Orlando center Dwight Howard spins baseline away from the defense of Lakers… (Gary A. Vasquez / US Presswire )
Let's have a big Lakerdom welcome for . . . whomever.
The Lakers' center of the future was back in Staples Center, even if you couldn't be sure which of the two who met Monday night it will be.
In a surprise to some Lakers fans and even some Lakers players — at least the ones who wanted him traded for Jason Kidd or Carmelo Anthony — Andrew Bynum held his own, scoring 10 points with 18 rebounds and four blocks to Dwight Howard's 22-15-two in the Lakers' 97-84 victory.
And Bynum is the NBA's best center, too!
Well, he was briefly after going for 22 and 15 Saturday in Dallas when Channel 9's John Ireland gave him a field commission — "the best center in the NBA since the All-Star break" — before bumping him down to "best center in the West since the break."
Whatever Howard may become in 2012 when he can opt out of his contract, he's all Orlando's until then . . . and fed up with the speculation.
Seriously, where does this stuff get started?
It's true, when Howard was asked which player he'd most like to play with All-Star weekend, he said: "No. 24, Kobe Bryant!"
That was just a joke . . . at least for those who think there's such a thing as a joke.
Coincidentally, Dwight and Kobe have been friends since playing on the 2008 Olympic team ... at least for those who believe in coincidences.
"I tell people all the time, everybody has a certain image of Kobe and I don't find him to be that person," Howard said before the game. … "I always take up for him when people say he's a certain way. I think he's a good person."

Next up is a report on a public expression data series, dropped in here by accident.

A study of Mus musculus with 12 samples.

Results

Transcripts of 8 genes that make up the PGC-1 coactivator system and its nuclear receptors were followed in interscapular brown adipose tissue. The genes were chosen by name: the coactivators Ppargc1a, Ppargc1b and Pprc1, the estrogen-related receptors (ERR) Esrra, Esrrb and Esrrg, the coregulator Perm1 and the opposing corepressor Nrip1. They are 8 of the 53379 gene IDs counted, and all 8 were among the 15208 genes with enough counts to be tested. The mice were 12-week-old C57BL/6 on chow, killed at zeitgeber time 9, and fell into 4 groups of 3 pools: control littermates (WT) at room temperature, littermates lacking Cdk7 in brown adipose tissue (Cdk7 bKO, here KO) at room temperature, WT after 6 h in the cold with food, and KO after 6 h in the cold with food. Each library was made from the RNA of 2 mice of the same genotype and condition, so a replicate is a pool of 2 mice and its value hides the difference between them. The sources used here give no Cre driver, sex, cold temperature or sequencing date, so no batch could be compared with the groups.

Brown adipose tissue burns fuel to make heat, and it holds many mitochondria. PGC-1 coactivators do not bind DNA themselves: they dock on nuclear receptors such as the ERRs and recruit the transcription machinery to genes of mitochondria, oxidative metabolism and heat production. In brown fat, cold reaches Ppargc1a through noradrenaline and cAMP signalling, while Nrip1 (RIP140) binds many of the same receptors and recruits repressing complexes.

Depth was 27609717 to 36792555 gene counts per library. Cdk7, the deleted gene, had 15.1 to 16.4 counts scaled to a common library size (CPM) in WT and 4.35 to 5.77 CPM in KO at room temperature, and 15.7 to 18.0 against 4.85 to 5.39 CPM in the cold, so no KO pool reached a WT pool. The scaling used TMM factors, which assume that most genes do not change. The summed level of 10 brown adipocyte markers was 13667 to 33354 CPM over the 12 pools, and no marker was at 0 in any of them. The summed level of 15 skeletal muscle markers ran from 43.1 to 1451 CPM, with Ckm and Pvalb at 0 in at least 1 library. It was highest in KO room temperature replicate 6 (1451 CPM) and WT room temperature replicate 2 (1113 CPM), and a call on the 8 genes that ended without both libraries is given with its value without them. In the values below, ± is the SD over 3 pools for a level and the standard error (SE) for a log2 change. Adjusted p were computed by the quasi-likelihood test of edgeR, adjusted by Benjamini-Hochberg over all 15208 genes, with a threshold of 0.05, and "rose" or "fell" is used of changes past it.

Of course, if Bynum is in another of his midseason surges, he has yet to finish one healthy.
Nevertheless, when upright and in shape, he and Pau Gasol can play the game over opponents' heads, and have since the break, combining to average 30 points, 22 rebounds and 3.5 blocks, breathing life into the Lakers.
"This is a team where clearly, size becomes an issue, not just for us but for everybody," Orlando Coach Stan Van Gundy said before the game. "This is the longest team in the league with Bynum, Gasol and [Lamar] Odom up front. I mean, I haven't seen anybody able to match their length."
It was your basic night in paradise.
When New Orleans' Chris Paul, whom the Knicks are targeting as a 2012 free agent, played in New York, the local press and fans held another of their (Fill-In-Blank)-Stock festivals.
When Howard, the object of as much speculation linking him to the Lakers in 2012, arrived here, no one said boo.
Instead we treated it with dignity and our famed West Coast chill.
DWIGHT, PLEASE COME! WE LOVE YOU, DWIGHT! DWIGHT?
Sorry, I don't know what got into me.
Happily, the subject didn't come up in Van Gundy's pregame news conference, because he's more fed up than Howard, who could end it just by saying he intends to re-sign in Orlando.
No one bothered Howard, either, since I was the only one who approached him before the game.
"You want to talk about free agency?" he asked.
No, I said, having just given up on that line of questioning.
Howard, who's 250 pounds of fun to Shaquille O'Neal's 325-to-375 when he was here, proceeded to trot out his new mantra without being asked.
"That's in two years," he said. "That makes me look bad to fans in Orlando, to my teammates. They'll feel like, 'He's trying to sell out on us.'"
That's considerate. It's also standard NBA fare now. Anthony just went four months insisting the front office wasn't telling him anything, as his people negotiated with the Nuggets and other teams to get him out of there.
In the good news for the Lakers, they have a stand-in until 2012, at least.